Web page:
These are dark days for shirkers. The London Underground has installed WiFi, which means that the 21st-century adult equivalent of "the dog ate my homework" – "I had no signal" – will no longer pass muster. Soon there will be no part of the Earth, except perhaps the wireless-free paradise of its molten core, that emails from one's boss cannot reach. We will be expected to attend to the constant ping of our inboxes without delay or respite.
The innovation comes on top of last month's decision by Virgin Atlantic to permit mobile phone calls on long-haul flights. I was on one a fortnight ago, and while most people used the opportunity to call home and shout "I'm on a plane! I know! In the AIR. Gotta go. Costing me a fortune. I know. I know! In the SKY!" ad infinitum, once the novelty wears off, fielding work calls will become routine at 35,000ft above ground.
Now, emails at 80ft below ground are to be the norm, too. King's Cross, Warren Street, Oxford Circus and Green Park were the first to switch on this week. By the end of July, 80 stations will have free WiFi on their escalators and platforms. A further 40 will be added after that, meaning that more than half of the network will be live, buzzing with office memos, tweets and ranty Facebook updates from people stuck on the Circle Line.
On top of giving Londoners more time and bandwidth to indulge their favourite pastime – complaining about the Tube – constant internet will also foster our most unattractive tendencies: namely a self-important reluctance to switch off from work and inveterate lateness. Very few emails are so vital that they need a misspelt "Sent from my iPhone" response within 20 seconds of being received. And now that it's possible to communicate from the underworld, no one ever need be on time for anything ever again. You can send a "Sorry! Stuck on Tube" email when you know very well that you haven't even left your desk yet.
Meanwhile, the Tube, this week flooded with two million litres of water from a leaking pipe, is getting ready to crack up once and for all as a million extra passengers arrive to stand on the wrong side of the escalators for the Olympics. Delays of up to 90 minutes are expected. Meltdown is guaranteed – but at least we'll be able to log on to the service updates from TfL while we wait.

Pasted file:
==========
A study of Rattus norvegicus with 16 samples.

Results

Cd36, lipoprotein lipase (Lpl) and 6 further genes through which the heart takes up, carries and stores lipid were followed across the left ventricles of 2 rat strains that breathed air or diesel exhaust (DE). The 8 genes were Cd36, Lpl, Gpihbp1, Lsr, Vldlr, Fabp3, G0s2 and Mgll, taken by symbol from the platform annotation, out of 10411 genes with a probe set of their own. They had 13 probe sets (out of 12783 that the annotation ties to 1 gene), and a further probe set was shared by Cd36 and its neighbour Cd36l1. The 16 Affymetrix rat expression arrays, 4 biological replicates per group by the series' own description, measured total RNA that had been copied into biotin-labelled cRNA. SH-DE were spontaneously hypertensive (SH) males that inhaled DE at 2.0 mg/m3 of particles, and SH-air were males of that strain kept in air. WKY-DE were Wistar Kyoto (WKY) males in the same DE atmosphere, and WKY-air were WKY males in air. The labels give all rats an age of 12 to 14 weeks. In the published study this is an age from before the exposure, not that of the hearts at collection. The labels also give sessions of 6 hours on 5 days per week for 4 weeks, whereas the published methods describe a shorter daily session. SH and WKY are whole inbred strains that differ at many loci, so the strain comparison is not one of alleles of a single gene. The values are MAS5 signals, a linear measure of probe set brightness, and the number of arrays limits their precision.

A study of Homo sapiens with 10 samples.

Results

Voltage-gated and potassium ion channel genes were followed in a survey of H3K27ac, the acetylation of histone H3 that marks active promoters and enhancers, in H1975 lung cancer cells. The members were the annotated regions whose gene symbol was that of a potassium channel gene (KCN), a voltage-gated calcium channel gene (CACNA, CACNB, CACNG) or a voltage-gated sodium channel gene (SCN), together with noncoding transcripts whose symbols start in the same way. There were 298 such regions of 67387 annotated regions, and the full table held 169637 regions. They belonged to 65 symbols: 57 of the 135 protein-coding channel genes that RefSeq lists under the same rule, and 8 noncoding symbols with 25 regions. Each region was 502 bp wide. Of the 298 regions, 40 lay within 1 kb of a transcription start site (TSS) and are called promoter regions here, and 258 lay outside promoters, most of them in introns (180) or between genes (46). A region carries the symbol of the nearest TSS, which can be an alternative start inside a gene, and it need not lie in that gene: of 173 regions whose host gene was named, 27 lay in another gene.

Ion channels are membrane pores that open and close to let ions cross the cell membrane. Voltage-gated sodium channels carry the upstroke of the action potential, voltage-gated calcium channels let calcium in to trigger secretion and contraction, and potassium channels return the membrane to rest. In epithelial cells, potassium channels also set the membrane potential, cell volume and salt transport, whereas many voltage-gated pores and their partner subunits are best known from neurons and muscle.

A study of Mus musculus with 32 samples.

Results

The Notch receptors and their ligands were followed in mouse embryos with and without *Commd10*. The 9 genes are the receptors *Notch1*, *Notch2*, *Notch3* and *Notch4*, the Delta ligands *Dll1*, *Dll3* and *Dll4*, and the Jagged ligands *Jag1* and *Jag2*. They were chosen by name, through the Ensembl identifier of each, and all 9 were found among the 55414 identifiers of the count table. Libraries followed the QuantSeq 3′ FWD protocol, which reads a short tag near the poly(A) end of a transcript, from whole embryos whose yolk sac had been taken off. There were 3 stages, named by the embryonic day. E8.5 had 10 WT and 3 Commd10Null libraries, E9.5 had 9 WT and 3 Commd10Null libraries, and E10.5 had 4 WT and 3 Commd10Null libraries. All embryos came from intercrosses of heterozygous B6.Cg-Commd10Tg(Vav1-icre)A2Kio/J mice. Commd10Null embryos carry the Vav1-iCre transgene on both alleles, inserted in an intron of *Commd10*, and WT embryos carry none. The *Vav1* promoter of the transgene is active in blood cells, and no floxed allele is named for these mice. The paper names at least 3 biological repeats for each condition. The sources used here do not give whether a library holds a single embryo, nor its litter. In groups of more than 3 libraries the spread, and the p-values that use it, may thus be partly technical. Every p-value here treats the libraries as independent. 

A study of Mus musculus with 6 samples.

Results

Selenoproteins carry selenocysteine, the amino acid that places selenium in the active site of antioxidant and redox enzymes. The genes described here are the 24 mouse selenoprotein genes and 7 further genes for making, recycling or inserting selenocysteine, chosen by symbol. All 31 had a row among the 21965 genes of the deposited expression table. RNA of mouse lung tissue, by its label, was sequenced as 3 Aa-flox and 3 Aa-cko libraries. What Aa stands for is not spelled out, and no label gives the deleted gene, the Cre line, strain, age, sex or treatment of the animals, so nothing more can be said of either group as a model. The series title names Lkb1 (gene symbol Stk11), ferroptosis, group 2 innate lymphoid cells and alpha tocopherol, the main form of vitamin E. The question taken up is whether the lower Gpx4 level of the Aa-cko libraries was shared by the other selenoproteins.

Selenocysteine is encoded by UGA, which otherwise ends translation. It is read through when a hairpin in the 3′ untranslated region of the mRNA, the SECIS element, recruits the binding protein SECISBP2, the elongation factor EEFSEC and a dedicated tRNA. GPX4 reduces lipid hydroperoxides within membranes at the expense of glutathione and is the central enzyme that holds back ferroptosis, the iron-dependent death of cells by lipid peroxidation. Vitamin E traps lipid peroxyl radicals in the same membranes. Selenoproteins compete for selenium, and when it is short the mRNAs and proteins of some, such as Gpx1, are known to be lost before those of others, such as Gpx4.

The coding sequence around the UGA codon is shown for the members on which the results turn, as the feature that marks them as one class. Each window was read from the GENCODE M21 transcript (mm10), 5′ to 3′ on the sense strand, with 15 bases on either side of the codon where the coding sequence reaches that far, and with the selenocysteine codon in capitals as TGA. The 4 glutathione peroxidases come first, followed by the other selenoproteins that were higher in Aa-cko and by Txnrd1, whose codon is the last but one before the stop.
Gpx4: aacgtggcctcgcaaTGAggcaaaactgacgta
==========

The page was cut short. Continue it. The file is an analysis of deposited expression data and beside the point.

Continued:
* It's official: toad in the hole is the new rock 'n' roll. Simon Cowell has launched his latest talent show and, having noticed that people are more likely to swoon over cupcakes than crooners these days, he is on the lookout for a star chef. Great idea, which is presumably why hundreds of television producers have thought of it before him.
Masterchef alone has four separate formats on the boil – all reassuringly shouty, albeit with slightly different mixes of contestants and judges.
Food Glorious Food's unique twist will be to add a £20,000 prize, the chance to invent a dish to be sold at Marks and Spencer and a generous dollop of X Factor-style sentimentality into the mix. On what might be called the "Eggs Factor", "every recipe tells a story", say producers. "And every family has a special recipe that tugs at your heart strings, makes you smile, brings back memories and sums up all that's great about food." Cue contestants talking about the "journey" their dead grandmother's pineapple fritter has come on, and excitable judges telling them: "You made that cottage pie your own."
Over in America, meanwhile, Nigella Lawson and the famously acerbic Anthony Bourdain have signed on to present a cooking show "unlike any other" on ABC which offers home cooks, moms and dads and college students to compete a "life-changing opportunity" in food.
Oh, for those simpler, less emotionally draining days when Loyd Grossman deliberating, cogitating and digesting was the only trial amateur cooks had to face.